Is turbulence dangerous? And other frequently asked questions from nervous flyers
You may have seen the news reports on the United Airlines flight that experienced unexpected turbulence that led to the plane making an emergency landing and 12 people needing hospital treatment.
Although on this occasion there were unfortunate injuries, turbulence is something we’ve all felt on a flight and it’s often so slight we ignore it. However, for nervous passengers even the slightest bump can bring out a cold sweat – so how dangerous is turbulence? As a former BA pilot and now Flight Safety Specialist at BALPA, I am often asked by nervous passengers some of the following common questions.
1. “Is turbulence dangerous?”
Turbulence can be uncomfortable, annoying and tiring but is rarely dangerous. Aircraft are designed to cope with any turbulence that nature can throw at them and I can’t recall any modern airliner crashing due to turbulence. The injuries we see tend to occur when people aren’t strapped in. This may be because the turbulence is encountered without warning but we also see quite a lot of people hurt because they don’t obey the “fasten seat belt” instructions. So, even if the signs aren’t on, always have your seatbelt done up when you are sitting down and don’t be tempted to get up when the Captain has told you to strap in; we are always talking to the pilots of aircraft ahead of us and, even if it is smooth when we put the signs on, we may know it is going to get bumpy soon.”
2. “What happens if the plane is struck by lightning?”
When an aircraft is struck by lightning, the energy within the lightning is kept on the outside of the fuselage either by the metal that the aircraft is made of or, in the case of modern composite materials, by a metal mesh that is built into the skin. This allows the lightning to track around the aircraft to a point where it can be discharged into the atmosphere. On occasion, some energy from a lightning strike will not stay on the outside so all electrical components within the aircraft are shielded against lightning and it has been many, many years since lightning caused an airliner to crash.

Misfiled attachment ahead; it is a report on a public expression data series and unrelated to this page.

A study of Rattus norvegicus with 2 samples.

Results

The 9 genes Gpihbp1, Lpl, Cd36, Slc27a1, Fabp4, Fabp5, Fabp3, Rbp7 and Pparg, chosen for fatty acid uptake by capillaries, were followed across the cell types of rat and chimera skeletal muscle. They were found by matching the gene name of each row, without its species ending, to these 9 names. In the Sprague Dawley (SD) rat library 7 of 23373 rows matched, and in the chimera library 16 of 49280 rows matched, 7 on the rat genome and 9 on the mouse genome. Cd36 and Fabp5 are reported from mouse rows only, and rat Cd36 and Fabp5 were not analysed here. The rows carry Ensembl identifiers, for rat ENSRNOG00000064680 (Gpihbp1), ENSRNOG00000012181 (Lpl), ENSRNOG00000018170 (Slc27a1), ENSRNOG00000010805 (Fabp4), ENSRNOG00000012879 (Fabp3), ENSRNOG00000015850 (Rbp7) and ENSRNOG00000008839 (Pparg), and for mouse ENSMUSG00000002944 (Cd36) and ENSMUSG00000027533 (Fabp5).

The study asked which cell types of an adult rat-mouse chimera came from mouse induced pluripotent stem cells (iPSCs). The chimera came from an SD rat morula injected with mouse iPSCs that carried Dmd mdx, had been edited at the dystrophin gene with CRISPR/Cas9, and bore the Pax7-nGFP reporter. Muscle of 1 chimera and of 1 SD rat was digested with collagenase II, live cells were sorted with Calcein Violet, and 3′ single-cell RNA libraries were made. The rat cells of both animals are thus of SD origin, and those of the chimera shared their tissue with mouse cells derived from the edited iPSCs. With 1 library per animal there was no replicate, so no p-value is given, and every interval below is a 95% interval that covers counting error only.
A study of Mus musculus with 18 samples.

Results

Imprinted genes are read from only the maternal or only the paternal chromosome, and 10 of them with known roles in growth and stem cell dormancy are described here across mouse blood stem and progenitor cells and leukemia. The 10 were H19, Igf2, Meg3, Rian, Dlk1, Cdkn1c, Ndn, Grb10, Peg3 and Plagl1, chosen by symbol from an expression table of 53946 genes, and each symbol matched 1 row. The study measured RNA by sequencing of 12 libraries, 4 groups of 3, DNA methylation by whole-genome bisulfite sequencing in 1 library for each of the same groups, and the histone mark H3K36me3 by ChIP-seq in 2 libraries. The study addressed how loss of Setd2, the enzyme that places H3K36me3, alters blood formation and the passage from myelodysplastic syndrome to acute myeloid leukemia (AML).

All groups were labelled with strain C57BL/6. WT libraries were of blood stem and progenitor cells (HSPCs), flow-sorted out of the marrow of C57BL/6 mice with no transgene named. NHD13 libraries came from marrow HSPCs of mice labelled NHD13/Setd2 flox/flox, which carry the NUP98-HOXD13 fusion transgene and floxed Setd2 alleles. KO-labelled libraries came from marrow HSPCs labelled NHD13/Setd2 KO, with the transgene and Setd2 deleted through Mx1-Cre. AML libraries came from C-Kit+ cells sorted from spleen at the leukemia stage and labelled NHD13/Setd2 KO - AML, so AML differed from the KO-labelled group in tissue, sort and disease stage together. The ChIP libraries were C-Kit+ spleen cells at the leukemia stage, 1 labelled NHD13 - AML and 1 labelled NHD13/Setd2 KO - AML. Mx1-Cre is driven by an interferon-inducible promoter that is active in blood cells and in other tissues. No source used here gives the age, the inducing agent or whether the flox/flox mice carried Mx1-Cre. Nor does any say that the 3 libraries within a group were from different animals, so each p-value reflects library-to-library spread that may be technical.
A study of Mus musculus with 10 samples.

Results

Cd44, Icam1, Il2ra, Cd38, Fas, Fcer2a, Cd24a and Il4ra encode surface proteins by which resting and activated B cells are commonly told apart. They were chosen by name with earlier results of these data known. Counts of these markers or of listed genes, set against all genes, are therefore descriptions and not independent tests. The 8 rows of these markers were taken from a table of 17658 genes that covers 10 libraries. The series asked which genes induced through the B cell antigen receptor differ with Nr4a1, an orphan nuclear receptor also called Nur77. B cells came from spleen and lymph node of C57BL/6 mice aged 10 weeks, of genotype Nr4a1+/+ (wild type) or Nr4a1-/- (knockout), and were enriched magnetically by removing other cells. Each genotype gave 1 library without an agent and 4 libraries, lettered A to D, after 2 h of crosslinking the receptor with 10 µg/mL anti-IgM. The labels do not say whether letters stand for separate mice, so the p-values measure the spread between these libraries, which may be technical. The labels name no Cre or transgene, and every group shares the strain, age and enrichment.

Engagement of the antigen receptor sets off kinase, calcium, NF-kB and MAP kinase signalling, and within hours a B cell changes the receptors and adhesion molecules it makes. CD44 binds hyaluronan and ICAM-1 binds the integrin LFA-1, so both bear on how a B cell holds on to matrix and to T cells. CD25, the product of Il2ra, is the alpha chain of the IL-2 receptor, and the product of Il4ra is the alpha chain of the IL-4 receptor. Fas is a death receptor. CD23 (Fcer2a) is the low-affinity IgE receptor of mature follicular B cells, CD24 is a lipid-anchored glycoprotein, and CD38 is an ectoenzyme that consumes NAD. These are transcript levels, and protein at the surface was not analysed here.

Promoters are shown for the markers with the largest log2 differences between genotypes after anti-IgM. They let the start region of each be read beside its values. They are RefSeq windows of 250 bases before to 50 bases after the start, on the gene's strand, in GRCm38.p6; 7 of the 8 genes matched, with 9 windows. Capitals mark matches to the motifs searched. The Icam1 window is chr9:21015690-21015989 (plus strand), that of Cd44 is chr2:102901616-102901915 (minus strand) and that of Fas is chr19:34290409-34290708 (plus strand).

3. “What if I fall ill on the plane? How will I get help?”
Cabin crew are trained in first aid and aircraft often have quite comprehensive medical kits on board. When a passenger falls ill, and the cabin crew require more in depth medical assistance, many airlines sign up to 24 hours aviation medical services. This allows the pilots to contact the medical services in flight via SATCOM and receive advice from fully trained and qualified doctors who can advise what medication and treatment should be given and, if required, where the nearest airport with suitable medical facilities is in case a diversion is required.
4. “What if the pilot falls ill on the plane? Who will fly it?”
Pilots have regular, in-depth medicals and are given advice on food safety and potential issues concerning their health and the places they are flying to. But you can’t predict or prevent some cases of illness and precautions are taken to minimise the impact. All commercial airline flights have at least two pilots on board and on longer flights there may be three, or even four, pilots. In the case of a two pilot flight all pilots are trained to fly the aircraft on their own and he or she will declare an emergency to air traffic control so priority can be given to their aircraft.
5. “But isn’t flying getting less safe? There were lots of crashes last year…”
Flying is still the safest form of transport. While there were some high-profile crashes in 2015 it was, in terms of the number of fatal accidents, an extraordinarily safe year. More than 3.5 billion people flew safely on 37.6 million flights last year and there were only four fatal accidents. Hard to believe when you see the terrible images popping up on the news but these occurrences are incredibly rare and only get so much media attention because of how unusual they are.
6. “Don’t aircraft fly themselves now?”
Learning how to become a pilot is tough. Saying an aircraft flies itself is a bit like saying your computer sends emails. Yes, the email does go from your computer but you have to turn it on, you have to select the correct programme, decide who to send the email to and ultimately you have responsibility for what gets written and sent. Autoflight systems are just a whole bunch of computers that need to be loaded, monitored and fixed when they fail. It is the pilots who take responsibility for ensuring the safety of all on board when the systems fail, and it is their extensive training and knowledge that enables them to keep the plane in the air. “Crashing” is a term often associated with both computers and aircraft; one is an inconvenience and the other is avoided every day by highly-skilled professional pilots.
7. “What if the engine fails?”
In the early days of commercial flights if an aircraft suffered an engine failure the consequences were often very unpleasant. Nowadays, engine reliability is excellent and aircraft are designed to operate pretty much normally in the event of a single engine failure. Indeed, if a four engine aircraft loses an engine it may be possible to carry on with the planned flight as long as all the safety issues have been addressed. Pilots are trained to deal with an engine failure at any stage of flight and are tested on this during their regular simulator tests; the fact that the vast majority of us will never have to deal with one ever in our careers does not make pilots complacent.